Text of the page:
The one about Barnum, the circus guy, and how a World War 2 psychologist could improve your content writing process.

For years I have been trying to find the time and excuse to write about Professor Bertram Forer and the recent avalanche of content marketing, coupled with a latter fascination with behavioural economics has given me the perfect opportunity.

In 1948, the American psychologist Bertram Forer gave a personality test to his students. He told his students they were each receiving a unique personality analysis that was based on the test’s results and to rate their analysis on a scale of 0 (very poor) to 5 (excellent) on how well it applied to themselves. Unbeknownst to them, each of the students received the same identical analysis (Forer didn’t even read their responses!):

Each report read:
  • You have a great need for other people to like and admire you.
  • You have a tendency to be critical of yourself.
  • You have a great deal of unused capacity which you have not turned to your advantage.
  • While you have some personality weaknesses, you are generally able to compensate for them.
  • Disciplined and self-controlled outside, you tend to be worrisome and insecure inside.
  • At times you have serious doubts as to whether you have made the right decision or done the right thing.
  • You prefer a certain amount of change and variety and become dissatisfied when hemmed in by restrictions and limitations.
  • You pride yourself as an independent thinker and do not accept others’ statements without satisfactory proof.
  • You have found it unwise to be too frank in revealing yourself to others.
  • At times you are extroverted, affable, sociable, while at other times you are introverted, wary, reserved.
  • Some of your aspirations tend to be pretty unrealistic.
  • Security is one of your major goals in life.

The students average rating of their “personalised” report was 4.26 out of 5.

Only after the ratings were turned in was it revealed that each student had received identical copies assembled by Forer from various horoscopes and had no bearing whatsoever on analysis of their individual tests results.

This effect, often called the Barnum Effect, after the legendary circus impresario PT Barnum with his offer that “we’ve got something for everyone”, is the observation that individuals will give high accuracy ratings to descriptions of their personality that supposedly are tailored specifically for them but are in fact vague and general enough to apply to a wide range of people.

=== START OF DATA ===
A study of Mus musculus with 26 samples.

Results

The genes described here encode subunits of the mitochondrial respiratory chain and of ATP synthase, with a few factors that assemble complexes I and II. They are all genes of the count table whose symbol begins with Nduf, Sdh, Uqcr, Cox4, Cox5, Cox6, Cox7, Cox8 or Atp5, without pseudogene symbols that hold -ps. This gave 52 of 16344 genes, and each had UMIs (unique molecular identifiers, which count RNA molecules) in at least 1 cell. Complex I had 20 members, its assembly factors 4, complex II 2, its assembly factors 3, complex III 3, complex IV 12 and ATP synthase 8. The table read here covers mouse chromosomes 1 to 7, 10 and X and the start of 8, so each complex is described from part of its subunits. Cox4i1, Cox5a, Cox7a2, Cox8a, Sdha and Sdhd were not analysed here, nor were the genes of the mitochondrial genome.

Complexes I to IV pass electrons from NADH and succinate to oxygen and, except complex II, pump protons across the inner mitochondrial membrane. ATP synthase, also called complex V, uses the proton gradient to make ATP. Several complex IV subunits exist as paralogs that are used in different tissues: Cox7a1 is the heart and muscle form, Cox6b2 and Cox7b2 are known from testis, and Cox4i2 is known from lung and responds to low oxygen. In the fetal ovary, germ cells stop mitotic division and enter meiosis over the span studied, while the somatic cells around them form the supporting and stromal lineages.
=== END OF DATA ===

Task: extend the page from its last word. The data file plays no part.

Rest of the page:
In my day job I spend more and more of my time working with colleagues and clients on persona-based marketing. This approach helps to recognise that not all customers and prospects are the same and that grouping them will help you ensure more relevant messaging to each persona group. This is particularly useful for B2B marketing in my view, as so often multiple departments will be involved in the average buying process for most businesses.

Although it may seem obvious to you and I that using this approach not only helps you work out the right type of message, but also to work out at what stage of the buying process is the message needed and via which communications channel, it is not always obvious to others outside of the marketing department and needs some selling in.

This is where time and time again I have found that sharing the above experiment that Forer conducted can help others buy into why persona segmentation is so valuable – as humans we like to believe that we are understood and the more we see language and messaging that feels relevant and about us, the more it feels that the author of that messaging “gets” us.

Forer and his 13 points of a test

And that feeling or connection is what we all really strive for in our marketing communications – to convince our audience we understand them, know them, and most importantly can help them. But this only comes if we understand enough about them and how they think to use language skills such as Forer’s insightful analysis of his students to build that connection.

So next time you are reviewing your marketing and wondering whether you are resonating as much as you need, or if you are losing the battle to convince your organisation to focus on persona-based marketing, please do cite Bertram Forer and his revelation. That well-crafted messaging can give the very powerful effect of making readers feel you truly understand them.